Amgen to cut 149 staff in retreat from neuroscience R&D

amgen
Amgen plans to continue to participate in the neuroscience field in some way. (Amgen)

Amgen has given notice of its intent to lay off 149 people at its Cambridge, Massachusetts, operation by the end of the year. The notice comes weeks after Amgen revealed it was retreating from its East Coast neuroscience operations in a move that would threaten around 180 jobs.

That plan became official Friday when state authorities in Massachusetts revealed Amgen had submitted a Worker Adjustment and Retraining Notification Act note. The note formally signaled Amgen’s intent to cut 149 employees in Cambridge loose at the end of the year. Amgen will retain an operations and process development presence in Massachusetts but is consolidating research back in California.

Amgen focused its Cambridge research site on neuroscience and hired people versed in medicinal chemistry, pharmacokinetics and drug metabolism, genetics, cell biology and and toxicology to staff it. With Amgen exiting neuroscience research, those skills are now largely surplus to requirements.


While Amgen is pulling out of in-house neuroscience research, the company has plans to continue to participate in the field in some way. Amgen believes its work with deCODE positions it to understand the genetics of neurological disorders, and, while it wants to focus its internal resources elsewhere, it's keen to capitalize on these capabilities in some way.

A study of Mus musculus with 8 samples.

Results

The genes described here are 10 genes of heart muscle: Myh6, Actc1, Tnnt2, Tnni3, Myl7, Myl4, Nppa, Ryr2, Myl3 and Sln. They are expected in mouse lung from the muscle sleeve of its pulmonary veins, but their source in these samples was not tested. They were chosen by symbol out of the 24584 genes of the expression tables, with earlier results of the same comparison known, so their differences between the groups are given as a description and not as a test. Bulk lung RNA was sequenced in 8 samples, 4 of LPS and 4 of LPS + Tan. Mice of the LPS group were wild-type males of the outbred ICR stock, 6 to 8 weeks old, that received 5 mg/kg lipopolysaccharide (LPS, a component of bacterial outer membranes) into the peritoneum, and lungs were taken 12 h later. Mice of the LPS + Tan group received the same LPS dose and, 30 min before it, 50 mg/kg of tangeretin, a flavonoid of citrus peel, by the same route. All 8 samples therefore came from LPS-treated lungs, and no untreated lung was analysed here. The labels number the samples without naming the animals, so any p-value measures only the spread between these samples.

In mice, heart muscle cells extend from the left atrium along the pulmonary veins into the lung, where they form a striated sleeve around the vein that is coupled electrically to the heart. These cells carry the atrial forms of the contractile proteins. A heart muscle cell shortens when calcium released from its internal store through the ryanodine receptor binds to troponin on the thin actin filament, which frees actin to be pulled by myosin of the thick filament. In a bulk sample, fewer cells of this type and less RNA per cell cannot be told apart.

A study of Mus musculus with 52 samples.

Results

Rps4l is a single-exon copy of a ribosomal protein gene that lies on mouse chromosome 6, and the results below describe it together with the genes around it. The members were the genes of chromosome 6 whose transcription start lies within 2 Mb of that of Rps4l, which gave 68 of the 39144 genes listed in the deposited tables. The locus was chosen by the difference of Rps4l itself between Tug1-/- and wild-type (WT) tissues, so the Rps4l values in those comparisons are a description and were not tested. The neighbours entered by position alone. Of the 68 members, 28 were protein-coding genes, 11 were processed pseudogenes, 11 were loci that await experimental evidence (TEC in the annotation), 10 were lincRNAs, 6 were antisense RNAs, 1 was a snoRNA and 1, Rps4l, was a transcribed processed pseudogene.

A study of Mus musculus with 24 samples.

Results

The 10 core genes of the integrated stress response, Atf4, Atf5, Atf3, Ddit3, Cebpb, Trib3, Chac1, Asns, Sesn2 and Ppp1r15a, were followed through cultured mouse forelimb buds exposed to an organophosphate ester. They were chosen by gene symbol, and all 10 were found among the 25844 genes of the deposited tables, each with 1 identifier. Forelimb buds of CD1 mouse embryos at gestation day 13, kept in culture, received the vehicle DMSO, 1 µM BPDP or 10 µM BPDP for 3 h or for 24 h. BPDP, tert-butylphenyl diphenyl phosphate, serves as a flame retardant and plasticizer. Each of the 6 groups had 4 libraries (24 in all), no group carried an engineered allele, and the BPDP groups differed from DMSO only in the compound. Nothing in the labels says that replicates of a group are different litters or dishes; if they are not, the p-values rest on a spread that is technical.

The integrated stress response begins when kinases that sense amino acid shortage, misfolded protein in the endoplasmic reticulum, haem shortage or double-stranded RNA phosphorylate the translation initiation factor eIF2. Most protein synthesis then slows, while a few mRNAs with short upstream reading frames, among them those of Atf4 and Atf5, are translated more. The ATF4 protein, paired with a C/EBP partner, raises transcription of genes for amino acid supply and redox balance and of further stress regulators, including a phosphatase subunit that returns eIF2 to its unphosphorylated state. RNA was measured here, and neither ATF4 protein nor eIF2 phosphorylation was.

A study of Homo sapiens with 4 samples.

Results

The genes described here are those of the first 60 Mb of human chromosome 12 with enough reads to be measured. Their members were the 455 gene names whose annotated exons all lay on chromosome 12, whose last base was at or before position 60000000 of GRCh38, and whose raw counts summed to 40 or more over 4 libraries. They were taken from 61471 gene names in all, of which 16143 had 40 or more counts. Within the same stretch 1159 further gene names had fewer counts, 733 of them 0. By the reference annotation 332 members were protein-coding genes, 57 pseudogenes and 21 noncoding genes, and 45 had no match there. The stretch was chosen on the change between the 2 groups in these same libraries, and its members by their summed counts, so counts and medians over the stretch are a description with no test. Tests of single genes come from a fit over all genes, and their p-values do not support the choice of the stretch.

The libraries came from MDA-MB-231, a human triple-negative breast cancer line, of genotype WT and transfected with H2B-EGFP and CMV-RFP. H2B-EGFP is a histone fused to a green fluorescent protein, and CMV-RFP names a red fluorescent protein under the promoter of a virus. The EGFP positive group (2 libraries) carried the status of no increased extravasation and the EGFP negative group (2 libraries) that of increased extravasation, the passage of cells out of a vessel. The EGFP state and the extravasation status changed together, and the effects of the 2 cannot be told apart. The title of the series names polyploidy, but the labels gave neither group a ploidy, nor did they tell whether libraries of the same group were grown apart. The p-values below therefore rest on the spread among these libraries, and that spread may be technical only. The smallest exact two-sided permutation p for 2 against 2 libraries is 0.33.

“Half the genes in the body are expressed in the brain and only the brain and we think we have some unique resources to try to capitalize on insights around that. We'll be exploring potentially different models for doing that with venture capital and perhaps academic institutions as well,” Amgen CEO Bob Bradway said on a quarterly results conference call with investors late last month.

Amgen’s decision to exit neuroscience follows the shuttering of an Eli Lilly facility focused on the field and the spinning out of Pfizer’s pipeline to create Cerevel Therapeutics.